June 20, 2020

Big Wins for Our Littlest Patients During COVID-19

The Pediatric Integrated Care Management Program (iCMP) was launched in 2013 with a mission of promoting optimal health and wellbeing in the lives of the medically and psychosocially complex pediatric patient population. To do this, the program provides thoughtful, deliberate and proactive management of care across the health care delivery system, education system and community service programs.

Pediatric iCMP matches identified pediatric patients with either a nurse, social worker or community health worker to act as a care manager based on the unique needs of the patient. These care managers work closely with patients and their families to develop a customized care plan that will address their specific needs. During the COVID-19 pandemic, however, the Pediatric iCMP program has taken on a heightened level of importance, as care managers help these vulnerable patients and their families navigate difficult and unfamiliar situations.

Despite the obstacles brought on by the pandemic, administrators of the program and care managers alike have taken on these new workloads in stride to effectively meet the evolving needs of our patients. Check out the three stories from care managers* below to learn more about how the iCMP program has helped patients in recent months:

Christina Andrade, Community Health Worker, Brockton Pediatrics

“I have been working with the mother of a 19-year-old patient for quite some time. She is a single parent to a two-year-old and 19-year-old, and she was also recently in a domestic violence situation. When she confirmed with me that she had tested positive for COVID-19, I asked her if she had enough food for the next two weeks so that she could avoid going to the grocery store, and she confirmed that she did not. She was very worried about this considering she knew that she must quarantine to avoid spreading the virus to others.

Luckily, I was able to find an agency called BAMSI and spoke with its parent information network (PIN) coordinator about her situation. Although BAMSI is NOT known for delivery groceries, they assured me that they would be able to find someone within their agency to deliver my patient’s mother food within 24 hours of me speaking with them! I am very grateful that we are able to work with agencies like BAMSI that provide such critical services to our patients at this time. When the mother called me to thank me, I was just happy that we were able to help in this situation so quickly.”

Audrey Martino, Registered Nurse, Pentucket Medical Associates

“I have had great success with COVID-19 outreach calls to my families. Every parent that I’ve talked to has expressed gratitude and appreciation for checking in on them and their children during these very stressful times. A lot of parents are stressed, worried or dealing with their own issues and don’t have anyone to talk to, so I am glad that I can be there for them. Not only am I able to provide comfort and reassurance to parents and their children, but these calls also allow me to troubleshoot problems that overwhelmed parents may be struggling with and offer the appropriate resources.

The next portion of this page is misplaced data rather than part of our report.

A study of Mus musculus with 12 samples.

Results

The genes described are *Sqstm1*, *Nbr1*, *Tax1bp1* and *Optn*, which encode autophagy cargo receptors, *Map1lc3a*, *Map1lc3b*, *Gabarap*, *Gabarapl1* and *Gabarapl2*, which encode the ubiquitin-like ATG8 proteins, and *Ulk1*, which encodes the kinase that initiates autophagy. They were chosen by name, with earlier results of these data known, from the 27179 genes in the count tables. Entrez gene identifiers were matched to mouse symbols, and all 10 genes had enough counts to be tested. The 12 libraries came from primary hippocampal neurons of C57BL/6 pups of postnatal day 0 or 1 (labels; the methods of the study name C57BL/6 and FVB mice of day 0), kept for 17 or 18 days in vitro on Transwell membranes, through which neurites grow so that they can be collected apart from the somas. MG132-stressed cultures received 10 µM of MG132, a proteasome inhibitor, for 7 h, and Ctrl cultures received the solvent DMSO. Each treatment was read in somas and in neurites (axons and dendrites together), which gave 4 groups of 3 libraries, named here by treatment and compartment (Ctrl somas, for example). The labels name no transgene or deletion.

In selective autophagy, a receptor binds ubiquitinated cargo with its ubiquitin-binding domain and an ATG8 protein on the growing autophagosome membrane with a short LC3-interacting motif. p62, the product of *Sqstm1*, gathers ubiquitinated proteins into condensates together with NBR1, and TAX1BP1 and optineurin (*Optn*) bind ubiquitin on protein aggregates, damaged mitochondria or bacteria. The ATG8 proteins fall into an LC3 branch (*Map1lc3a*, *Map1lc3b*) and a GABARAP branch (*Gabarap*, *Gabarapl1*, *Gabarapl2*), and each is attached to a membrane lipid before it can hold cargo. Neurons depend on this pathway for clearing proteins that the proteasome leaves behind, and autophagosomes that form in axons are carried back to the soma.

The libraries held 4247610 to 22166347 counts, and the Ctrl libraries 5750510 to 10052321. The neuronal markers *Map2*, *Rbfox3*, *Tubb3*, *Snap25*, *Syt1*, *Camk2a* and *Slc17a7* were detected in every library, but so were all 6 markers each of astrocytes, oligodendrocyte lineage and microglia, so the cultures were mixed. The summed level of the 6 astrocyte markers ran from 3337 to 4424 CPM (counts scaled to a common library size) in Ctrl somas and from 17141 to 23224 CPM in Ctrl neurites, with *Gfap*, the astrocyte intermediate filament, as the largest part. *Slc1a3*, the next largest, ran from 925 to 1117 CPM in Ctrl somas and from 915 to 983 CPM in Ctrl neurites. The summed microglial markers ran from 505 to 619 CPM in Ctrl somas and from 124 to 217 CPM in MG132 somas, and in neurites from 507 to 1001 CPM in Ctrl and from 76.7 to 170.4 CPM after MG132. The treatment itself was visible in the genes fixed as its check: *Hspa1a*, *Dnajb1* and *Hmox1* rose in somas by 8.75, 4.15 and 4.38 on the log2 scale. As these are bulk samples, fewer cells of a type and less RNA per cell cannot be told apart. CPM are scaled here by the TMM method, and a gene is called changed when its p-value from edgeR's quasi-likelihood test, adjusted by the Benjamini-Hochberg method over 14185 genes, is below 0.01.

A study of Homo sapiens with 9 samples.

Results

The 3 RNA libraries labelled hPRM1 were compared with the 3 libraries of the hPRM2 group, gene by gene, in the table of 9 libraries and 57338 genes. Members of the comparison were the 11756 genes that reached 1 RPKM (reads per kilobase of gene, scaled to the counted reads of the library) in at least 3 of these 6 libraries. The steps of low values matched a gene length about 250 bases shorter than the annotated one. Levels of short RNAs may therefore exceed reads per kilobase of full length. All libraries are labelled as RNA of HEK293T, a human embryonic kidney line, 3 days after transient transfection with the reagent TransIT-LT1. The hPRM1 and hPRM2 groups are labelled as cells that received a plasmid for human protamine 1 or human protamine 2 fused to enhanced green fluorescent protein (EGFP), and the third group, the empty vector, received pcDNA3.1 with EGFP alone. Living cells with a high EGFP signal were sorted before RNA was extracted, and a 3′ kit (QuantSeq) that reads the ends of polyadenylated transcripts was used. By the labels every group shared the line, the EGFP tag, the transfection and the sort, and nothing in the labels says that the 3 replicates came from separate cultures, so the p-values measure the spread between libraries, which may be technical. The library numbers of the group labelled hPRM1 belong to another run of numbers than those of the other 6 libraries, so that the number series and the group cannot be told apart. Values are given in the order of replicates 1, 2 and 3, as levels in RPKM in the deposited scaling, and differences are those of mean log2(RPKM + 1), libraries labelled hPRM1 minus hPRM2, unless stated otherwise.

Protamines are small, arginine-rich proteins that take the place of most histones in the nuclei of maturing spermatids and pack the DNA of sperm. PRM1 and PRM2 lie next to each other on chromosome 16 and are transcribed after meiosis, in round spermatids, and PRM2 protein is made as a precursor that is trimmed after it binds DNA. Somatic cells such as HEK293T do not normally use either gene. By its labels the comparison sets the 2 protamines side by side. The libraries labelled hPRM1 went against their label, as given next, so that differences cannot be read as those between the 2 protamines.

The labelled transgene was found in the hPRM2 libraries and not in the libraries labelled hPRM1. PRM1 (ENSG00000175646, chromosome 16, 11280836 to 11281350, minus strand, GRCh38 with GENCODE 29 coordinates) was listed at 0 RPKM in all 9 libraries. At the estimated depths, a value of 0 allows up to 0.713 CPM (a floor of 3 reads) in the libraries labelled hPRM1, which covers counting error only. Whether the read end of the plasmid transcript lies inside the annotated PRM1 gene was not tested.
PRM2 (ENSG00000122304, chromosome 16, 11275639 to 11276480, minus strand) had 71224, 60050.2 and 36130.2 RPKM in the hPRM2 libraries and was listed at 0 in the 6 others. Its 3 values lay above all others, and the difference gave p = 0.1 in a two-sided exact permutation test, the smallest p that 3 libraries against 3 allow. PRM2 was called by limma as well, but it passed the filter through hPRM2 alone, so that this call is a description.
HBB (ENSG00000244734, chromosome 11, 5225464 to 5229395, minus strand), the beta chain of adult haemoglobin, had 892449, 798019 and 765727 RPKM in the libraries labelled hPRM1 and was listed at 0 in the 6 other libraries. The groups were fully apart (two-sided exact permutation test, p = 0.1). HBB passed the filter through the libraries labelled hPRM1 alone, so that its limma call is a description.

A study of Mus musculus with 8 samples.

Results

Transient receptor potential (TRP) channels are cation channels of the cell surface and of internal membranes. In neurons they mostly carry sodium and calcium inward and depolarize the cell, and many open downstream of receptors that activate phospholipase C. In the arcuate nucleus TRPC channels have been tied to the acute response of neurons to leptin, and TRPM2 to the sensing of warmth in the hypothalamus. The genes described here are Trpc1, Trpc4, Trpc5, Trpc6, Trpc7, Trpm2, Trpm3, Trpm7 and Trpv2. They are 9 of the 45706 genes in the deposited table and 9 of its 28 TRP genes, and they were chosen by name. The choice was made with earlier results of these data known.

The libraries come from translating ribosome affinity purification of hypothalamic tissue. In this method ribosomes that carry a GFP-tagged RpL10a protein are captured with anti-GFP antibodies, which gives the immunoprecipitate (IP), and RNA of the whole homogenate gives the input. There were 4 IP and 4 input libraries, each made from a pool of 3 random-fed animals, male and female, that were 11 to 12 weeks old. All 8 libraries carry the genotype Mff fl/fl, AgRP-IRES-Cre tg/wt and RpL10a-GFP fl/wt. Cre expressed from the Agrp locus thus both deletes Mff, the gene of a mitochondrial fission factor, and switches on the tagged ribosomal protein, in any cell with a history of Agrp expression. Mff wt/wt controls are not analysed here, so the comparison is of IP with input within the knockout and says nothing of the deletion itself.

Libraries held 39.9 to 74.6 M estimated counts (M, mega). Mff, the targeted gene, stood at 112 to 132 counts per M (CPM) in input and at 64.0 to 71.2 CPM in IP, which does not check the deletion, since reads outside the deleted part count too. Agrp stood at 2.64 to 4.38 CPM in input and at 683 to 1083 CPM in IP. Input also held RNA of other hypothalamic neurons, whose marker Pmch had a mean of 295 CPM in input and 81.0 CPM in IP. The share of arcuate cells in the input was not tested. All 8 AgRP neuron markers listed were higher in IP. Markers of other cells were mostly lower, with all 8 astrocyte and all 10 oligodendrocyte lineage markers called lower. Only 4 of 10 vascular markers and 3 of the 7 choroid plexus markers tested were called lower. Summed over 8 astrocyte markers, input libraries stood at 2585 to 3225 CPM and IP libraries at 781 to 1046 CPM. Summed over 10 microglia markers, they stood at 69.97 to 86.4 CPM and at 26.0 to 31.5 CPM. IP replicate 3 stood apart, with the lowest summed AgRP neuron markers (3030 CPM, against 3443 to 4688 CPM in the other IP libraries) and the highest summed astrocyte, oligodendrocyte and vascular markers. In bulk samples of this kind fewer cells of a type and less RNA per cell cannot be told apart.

Although it’s very difficult to case manage complex patient needs remotely all the time, I find that staying organized and maintaining ‘business as usual’ by reviewing my caseload worklist in Epic every morning helps keep me on track with ongoing patient needs. These needs can include telehealth specialist appointments, school support, medication education and virtual therapies.

Another big part of my job has been reassuring parents that the office is still open and able to see patients who are ill by using technology. Technology has been indispensable not only for communicating with parents, but also with my colleagues. It has been great to see how our care management program can and does embrace all the creative, different ways that we can make our patients’ health a priority during these unprecedented times!”

Claudia Montes, Social Worker, Affiliated Pediatrics Practices

“When this pandemic hit, I feel that we were prepared and able to connect with patients right away using the technology and remote work capabilities available to us. When speaking with parents, they have all been thankful for my outreach and are eager to find out how I can help them during this pandemic. For example, many families have been having financial issues and are extremely grateful to receive the resources that we can provide related food security. This includes food banks as well as SNAP information for delivery services and/or curbside services, since some of these parents do not have anyone who is able to stay home with their children while they go food shopping. In addition, identifying mental health services with telehealth capabilities has been another major way that we can help patients and their families.

Since my team and co-workers are always connected via Skype Business and email, I don’t think the transition to remote work has affected us too much. My supervisor, director and managers are always providing updates, sharing helpful resources and checking in with us. We also have bi-weekly virtual meetings and are able to talk about our successes, as well as challenges, with patients.”

*Care managers are employed through our Population Health department to support the needs of community-based pediatric practices.